Startup Equity Vesting: 3 Ways to Fairly Split & Calculate Equity Between Founders
Making sure that all founders of a startup are happy with the equity split is very important. It can take some time to figure out the right split as well as the equity that each founder holds in the company. However, it is also a very important part of the process. You do not want to leave any questions with this portion of the company because it can lead to some serious issues later. There are several ways you can split the equity between the founders in a way that is fair. Doing it the right way will keep all parties involved very happy throughout the course of the business.
Read these tips on startup equity vesting so you can learn how to allocate and calculate a fair equity split amongst founders in a startup. Be sure to share these tips with other founding team members!
#1 Splitting Equity Equally Amongst Founders
All founders get the same share
This is only a good idea if all founders are putting in the same amount of work and money into the venture. Unless this is occurring, it is best to stay away from this method. It may be the easiest to do but it is usually not the most fair way to do it. In the beginning, it may seem like the easy way to do it since there is almost no value with the new company but later on, it can cause a lot of issues because of the inequity. The reason behind this is if one person is putting in the majority of the work while two others are simply investing in the business, it may see a bit unfair later. This is not always the case and if you can determine that each founder is putting in the same amount of money as well as the same amount of time into the business, this can be a very smart, and easy, way of fairly dividing the equity.
#2 Equity Based On Capital
Founders Get Equity In Return For Their Money
With startup founder equity, sometimes the easiest way to fairly divide it would be based on how much capital they initially put into the business. If you want to divide the equity this way, you can easily use a startup equity calculator online to help you determine how much equity should go to each founder. If money is the only thing being considered in this formula, then it should be fairly simple. However, money is not usually the only thing to consider with a startup. Another big thing to take into consideration is the time that is put into growing the business from each founder. If someone simply gives you the idea and is another founder, but does not put any work into it, that can be very unfair later on down the line. If another simply brings in connections to grow the business and, again, does not put a lot of time into growing the company, that is another thing that could leave founders unhappy later. These are all things to consider when dividing based on money alone.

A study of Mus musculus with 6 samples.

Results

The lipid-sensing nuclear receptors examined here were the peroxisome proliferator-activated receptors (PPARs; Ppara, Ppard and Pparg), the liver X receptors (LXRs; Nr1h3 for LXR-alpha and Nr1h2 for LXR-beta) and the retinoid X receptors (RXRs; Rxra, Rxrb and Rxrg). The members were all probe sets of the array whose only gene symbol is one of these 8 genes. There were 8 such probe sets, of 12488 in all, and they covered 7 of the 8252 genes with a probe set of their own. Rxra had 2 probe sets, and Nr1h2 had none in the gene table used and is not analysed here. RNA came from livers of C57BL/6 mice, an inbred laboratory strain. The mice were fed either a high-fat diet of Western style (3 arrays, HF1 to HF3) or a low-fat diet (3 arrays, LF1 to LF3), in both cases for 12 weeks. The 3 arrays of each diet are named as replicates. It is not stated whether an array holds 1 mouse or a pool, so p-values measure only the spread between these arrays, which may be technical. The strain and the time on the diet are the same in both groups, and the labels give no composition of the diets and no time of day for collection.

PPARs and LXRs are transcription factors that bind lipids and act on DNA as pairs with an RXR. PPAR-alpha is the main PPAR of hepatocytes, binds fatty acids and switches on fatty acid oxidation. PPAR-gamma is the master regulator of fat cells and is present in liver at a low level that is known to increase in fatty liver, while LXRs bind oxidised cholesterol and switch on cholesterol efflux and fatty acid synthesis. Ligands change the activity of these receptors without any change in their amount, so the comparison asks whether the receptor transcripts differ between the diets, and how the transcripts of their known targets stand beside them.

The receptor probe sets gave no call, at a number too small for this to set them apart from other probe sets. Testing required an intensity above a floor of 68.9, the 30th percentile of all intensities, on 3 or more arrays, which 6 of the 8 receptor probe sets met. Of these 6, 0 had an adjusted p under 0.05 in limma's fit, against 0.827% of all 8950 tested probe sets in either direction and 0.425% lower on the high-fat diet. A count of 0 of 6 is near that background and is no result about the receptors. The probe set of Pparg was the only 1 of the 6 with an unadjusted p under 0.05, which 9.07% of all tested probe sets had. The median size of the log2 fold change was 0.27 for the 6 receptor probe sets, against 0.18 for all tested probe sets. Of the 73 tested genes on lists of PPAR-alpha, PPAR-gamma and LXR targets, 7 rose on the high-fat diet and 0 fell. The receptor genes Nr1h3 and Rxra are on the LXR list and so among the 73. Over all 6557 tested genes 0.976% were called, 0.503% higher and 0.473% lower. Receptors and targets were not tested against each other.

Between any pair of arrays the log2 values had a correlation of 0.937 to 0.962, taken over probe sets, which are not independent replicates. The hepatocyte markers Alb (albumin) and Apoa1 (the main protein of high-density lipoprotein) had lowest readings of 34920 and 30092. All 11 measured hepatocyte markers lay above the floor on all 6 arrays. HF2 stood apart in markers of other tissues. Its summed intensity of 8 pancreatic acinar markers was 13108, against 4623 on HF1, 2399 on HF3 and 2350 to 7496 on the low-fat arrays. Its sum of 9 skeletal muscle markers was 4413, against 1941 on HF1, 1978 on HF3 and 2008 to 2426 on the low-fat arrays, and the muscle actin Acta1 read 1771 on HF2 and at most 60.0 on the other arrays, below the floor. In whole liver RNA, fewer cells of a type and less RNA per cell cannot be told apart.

#3 Equity Based On Time
Founders Get Equity Based On Their Role
This is another common way to divide equity between founders. If everyone is putting in the same time and commitment into the business, then the division is fairly simple. However, this is not usually the case. When dividing the equity this way, you will need to be clear with all of the founders what is expected of them throughout the course of the company. Once everyone knows their role and has agreed upon the terms of the equity division rates, then you can equally divide the equity based on the terms.
Combining All Three Equity Division Methods for Founders
Simplifying the complicated equity division
Often, the best way to divide the equity between founders is a mix of all three of these methods. You may have some founders who simply provide the capital and do not want to participate in the day to day activities of the venture. Others may want to do all of the work but not put forth any money. All of these are perfectly ok as long as it works for the company and you divide equity accordingly. Additionally, when all of these factors are part of the equation, it may be best to consult with private equity firms for assistance. They can also help prevent startup equity dilution so that you can continue to grow the company by bringing on new investors.
Remember this tip too: never create an equal number of shares or stock amongst founders. Example: 50/50 splits. These can create gridlock and could prevent your startup from growing!
Expert on startups and venture capital, Ross Blankenship, can provide more tips for you as you build your company.